2009 World Cup: Round #1

Eshan Ghaem Maghami (Iran) chats with fellow-GM Darwin Laylo (Philippines) before action starts.

Eshan Ghaem Maghami (Iran) chats with fellow-GM Darwin Laylo (Philippines) before action starts. Photo by Galina Popova courtesy of FIDE. Gallery link, ugra-chess.ru.

The opening round of the 2009 World Cup had few surprises, but it is clear that the balance of power is shifting. Certainly the Russians still have the most numbers, but there are some rising powers such as Azerbaijan (European Champion) and China that will send players deep into the tournament. China Yu Yangyi upset Slovakia’s Sergei Movesesian and is maintaining the momentum from the World Junior in which he placed 7th.

Most of the higher-seeded players won their matches with top-seed Boris Gelfand dispatched off Russia’s Andrei Obodchuk 1½-½. Other notable players were sent packing includes Bu Xiangzhi (by Pelletier) and Alexandra Kosteniuk (by Mamedyarov). All six Egyptians had early exits as well. The U.S. only pushed three players to the second round out of 10.

Results: https://cup2009.fide.com/results.php
Games (PGN): (all)

Daaim Shabazz

Daaim Shabazz is the founder of The Chess Drum, while serving as a tenured faculty member of Global Business & Marketing at Florida A&M University in Tallahassee, Florida, USA. He holds a B.S. Computer Science from Chicago State University, an MBA in Marketing and a Ph.D. in International Affairs & Development, both from Clark Atlanta University. He has served the journalist community for more than 30 years and still competes in tournaments occasionally.

3 Comments

  1. Chinese breathing fire!

    Gabriel Sargissian looks determined, but would be upset by the upstart from China, Li Chao.

    Gabriel Sargissian looks determined,
    but would be upset by the upstart from China, Li Chao.
    Photo by Galina Popova courtesy of FIDE. Gallery link, ugra-chess.ru
    .

    As mentioned, Yu Yangyi upset Sergei Movsesian. Rising star Li Chao (Li’s rating is 2596, not 2320) eliminated Gabriel Sargissian to advance. Zhou Jianchao beat Rauf Mamedov and Zhou Weiqi beat Emil Sutovsky from Israel. Of the “upsets” in the first round the Chinese had five of them.

    Wesley So of the Philippines moves on after beating Gadir Guseinov of Azerbaijan. Appears the the east is shining bright!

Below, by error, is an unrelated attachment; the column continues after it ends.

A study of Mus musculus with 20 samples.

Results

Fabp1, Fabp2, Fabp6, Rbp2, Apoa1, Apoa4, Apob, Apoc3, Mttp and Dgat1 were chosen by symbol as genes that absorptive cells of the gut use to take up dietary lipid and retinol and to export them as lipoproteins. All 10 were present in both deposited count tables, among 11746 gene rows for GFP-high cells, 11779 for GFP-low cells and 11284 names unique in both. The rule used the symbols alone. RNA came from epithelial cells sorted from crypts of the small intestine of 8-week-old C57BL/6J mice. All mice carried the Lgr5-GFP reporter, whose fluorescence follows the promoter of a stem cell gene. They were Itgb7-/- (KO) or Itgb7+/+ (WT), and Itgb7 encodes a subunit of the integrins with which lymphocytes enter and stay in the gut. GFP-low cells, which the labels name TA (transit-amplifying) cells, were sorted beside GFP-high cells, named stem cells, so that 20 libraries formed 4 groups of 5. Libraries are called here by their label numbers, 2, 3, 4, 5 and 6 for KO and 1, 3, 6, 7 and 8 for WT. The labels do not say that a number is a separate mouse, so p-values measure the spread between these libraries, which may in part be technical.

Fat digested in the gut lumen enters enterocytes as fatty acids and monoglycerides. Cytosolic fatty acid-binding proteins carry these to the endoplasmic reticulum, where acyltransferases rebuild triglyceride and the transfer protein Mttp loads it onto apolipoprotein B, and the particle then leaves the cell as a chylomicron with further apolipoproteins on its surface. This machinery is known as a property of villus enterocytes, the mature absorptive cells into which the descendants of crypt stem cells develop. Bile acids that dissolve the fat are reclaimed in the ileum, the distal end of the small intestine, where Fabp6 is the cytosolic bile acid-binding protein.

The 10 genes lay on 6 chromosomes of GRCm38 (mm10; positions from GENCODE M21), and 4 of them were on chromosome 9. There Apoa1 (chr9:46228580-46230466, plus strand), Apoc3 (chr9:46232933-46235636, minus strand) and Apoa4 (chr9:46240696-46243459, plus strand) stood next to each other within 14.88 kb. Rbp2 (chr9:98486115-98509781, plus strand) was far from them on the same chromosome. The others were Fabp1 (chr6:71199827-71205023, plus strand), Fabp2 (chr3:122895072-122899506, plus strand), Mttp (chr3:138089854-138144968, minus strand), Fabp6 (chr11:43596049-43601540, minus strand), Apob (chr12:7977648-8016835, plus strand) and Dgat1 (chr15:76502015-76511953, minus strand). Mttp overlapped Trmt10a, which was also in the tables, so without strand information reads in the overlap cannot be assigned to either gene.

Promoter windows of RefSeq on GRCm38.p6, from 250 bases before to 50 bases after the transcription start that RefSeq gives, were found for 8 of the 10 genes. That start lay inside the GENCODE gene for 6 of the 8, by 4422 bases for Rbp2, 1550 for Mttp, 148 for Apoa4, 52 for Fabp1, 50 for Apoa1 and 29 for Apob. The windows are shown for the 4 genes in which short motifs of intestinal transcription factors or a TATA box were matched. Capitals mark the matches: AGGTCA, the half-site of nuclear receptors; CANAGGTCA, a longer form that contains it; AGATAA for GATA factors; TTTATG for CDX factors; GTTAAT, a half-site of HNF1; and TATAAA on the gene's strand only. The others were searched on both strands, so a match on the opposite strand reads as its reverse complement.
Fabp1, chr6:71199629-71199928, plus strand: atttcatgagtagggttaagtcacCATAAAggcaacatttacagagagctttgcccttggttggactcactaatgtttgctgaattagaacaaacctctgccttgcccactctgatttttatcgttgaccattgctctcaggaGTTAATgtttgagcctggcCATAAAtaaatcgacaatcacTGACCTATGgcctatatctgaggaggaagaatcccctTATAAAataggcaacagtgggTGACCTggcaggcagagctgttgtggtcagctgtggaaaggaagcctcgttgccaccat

2. Round Recap

    The first round of the 2009 FIDE World Cup ended without many big surprises (Yu Yangyi beating Movsesian is biggest), but the finale featured a 16-game match between Varuzhan Akobian and Pavel Trebugov. One game featured an overlooked mate in one. Akobian won the 6th round of tiebreakers and proceeded to the next round against Ruslan Ponomariov.

    Yu Yangyi enroute to beating Sergei Movesesian.

    Yu Yangyi (2527) enroute to beating Sergei Movesesian (2719).
    Photo by Galina Popova courtesy of FIDE. Gallery link, ugra-chess.ru
    .

    There were some other hotly-contested tiebreakers… one resulted in Alexander Shabalov besting Vladimir Baklan. This game feature a number of exciting game including one where one rook was fighting five pawns! Another featured an elementary opening blunder by Shabalov. The Latvian-born, Tal protege clinched the match by trotting out the Smith-Morra Gambit.

    The official made mention of the young players in the tournament:

    It is amazing how many young chess players have come to Khanty Mansiysk. The Russian Sanan Syugirov, the American Ray Robson and Robert Hess, So Wesley from the Philippines, Indian Negy Parimarjan, Italian Fabiano Caruano, Chinese Hou Yifan. They all are about 15-17 years old. They all have good perspectives. No doubt sooner or later some of them will ask the stars of today to make space for them at the top of a chess Olimpus. It seems that FIDE policy on chess popularization in the planet brings its positive results. This can only makes us happy.

    While Fabiano and So have gone through, the rest will have to wait for another chance to move into the elite ranks. In addition, none of the African representatives went through. Asia seems to be the brightest hope outside of Europe. Chinese players are breathing fire going into round two.